Well I suppose I could write at length here.
Its not the autism that is at issue, rather does the child with Autism also have an intolerance to gluten?
If so, then yes, a gluten free diet is appropriate but Autism is a complex and wide-ranging condition and applying broad rules is entirely a mistake.
Each person with autism needs (like everyone else) to be treated as an individual - so you seek to meet their needs.
We have found (for example) that because our son does not like the texture of meat we have to provide him with an additional iron supplement. We noticed improvements in behaviour when his levels of iron intake are about normal.
This is not unexpected and similar results can be seen in children who are not autistic, but have a low intake of iron - in this case it was the low intake of iron affecting the behaviour rather than the autism.
What complicates this is that the less appropriate behaviours are typical autistic behaviours (meltdowns etc.) and are sparked by the fact that his sensory dislikes that prevent him from eating meet are also a result of autism.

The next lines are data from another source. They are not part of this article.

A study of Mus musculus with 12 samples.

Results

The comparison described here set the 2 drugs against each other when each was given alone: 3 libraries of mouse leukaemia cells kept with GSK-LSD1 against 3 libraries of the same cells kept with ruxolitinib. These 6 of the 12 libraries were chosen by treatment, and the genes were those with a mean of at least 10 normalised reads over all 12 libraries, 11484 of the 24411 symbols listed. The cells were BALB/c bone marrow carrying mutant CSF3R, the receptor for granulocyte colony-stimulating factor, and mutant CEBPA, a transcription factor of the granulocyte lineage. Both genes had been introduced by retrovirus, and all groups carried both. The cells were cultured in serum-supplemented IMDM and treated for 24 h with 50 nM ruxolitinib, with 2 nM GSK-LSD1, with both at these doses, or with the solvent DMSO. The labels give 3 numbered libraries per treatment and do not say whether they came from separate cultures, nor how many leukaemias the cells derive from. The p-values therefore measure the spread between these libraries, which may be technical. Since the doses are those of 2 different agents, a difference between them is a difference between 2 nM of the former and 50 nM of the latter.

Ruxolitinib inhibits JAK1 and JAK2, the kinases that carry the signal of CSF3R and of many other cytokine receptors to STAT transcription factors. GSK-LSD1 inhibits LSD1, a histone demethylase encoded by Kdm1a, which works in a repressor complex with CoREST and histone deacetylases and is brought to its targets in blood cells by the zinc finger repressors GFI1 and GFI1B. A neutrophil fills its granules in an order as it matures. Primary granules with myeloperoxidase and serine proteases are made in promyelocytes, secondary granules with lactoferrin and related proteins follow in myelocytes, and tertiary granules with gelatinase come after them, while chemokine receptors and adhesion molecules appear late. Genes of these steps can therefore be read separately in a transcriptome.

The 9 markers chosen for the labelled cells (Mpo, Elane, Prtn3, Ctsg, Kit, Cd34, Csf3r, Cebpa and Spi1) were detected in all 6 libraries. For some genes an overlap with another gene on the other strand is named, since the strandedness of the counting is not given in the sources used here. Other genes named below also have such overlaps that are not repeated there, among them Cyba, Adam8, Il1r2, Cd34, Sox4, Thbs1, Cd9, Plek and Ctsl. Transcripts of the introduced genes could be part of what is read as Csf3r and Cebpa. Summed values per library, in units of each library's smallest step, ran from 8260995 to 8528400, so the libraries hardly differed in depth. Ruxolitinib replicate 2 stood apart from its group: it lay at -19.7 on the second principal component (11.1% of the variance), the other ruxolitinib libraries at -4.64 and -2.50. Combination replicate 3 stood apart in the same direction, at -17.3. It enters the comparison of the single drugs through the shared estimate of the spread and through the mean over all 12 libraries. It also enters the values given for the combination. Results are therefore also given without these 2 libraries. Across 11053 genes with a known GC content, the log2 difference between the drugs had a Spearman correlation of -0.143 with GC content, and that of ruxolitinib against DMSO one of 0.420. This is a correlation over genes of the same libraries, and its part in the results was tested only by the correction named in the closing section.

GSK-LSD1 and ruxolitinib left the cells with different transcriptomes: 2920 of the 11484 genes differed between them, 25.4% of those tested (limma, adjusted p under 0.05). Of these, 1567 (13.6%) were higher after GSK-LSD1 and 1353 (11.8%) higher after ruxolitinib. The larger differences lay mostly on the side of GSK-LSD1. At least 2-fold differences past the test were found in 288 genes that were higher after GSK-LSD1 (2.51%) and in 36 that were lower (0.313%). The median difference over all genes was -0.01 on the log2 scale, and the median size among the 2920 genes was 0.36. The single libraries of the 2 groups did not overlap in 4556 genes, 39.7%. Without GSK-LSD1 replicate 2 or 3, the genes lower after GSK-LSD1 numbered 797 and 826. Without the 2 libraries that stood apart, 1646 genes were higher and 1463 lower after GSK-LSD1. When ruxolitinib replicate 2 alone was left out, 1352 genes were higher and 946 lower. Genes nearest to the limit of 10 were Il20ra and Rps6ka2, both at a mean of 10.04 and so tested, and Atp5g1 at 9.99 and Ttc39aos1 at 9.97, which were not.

I guess what I am getting at is that in our case, the behaviour is the result of iron deficiency. Autism prevents our son getting iron in the usual way that kids get it - our work-around is to supplement the iron.
You need to determine in your case whether or not Gluten can affect behaviour - i.e is this a nutrition problem?
Id be interested to hear more of the circumstances. As well as having a child with Autism I also work in the disability sector.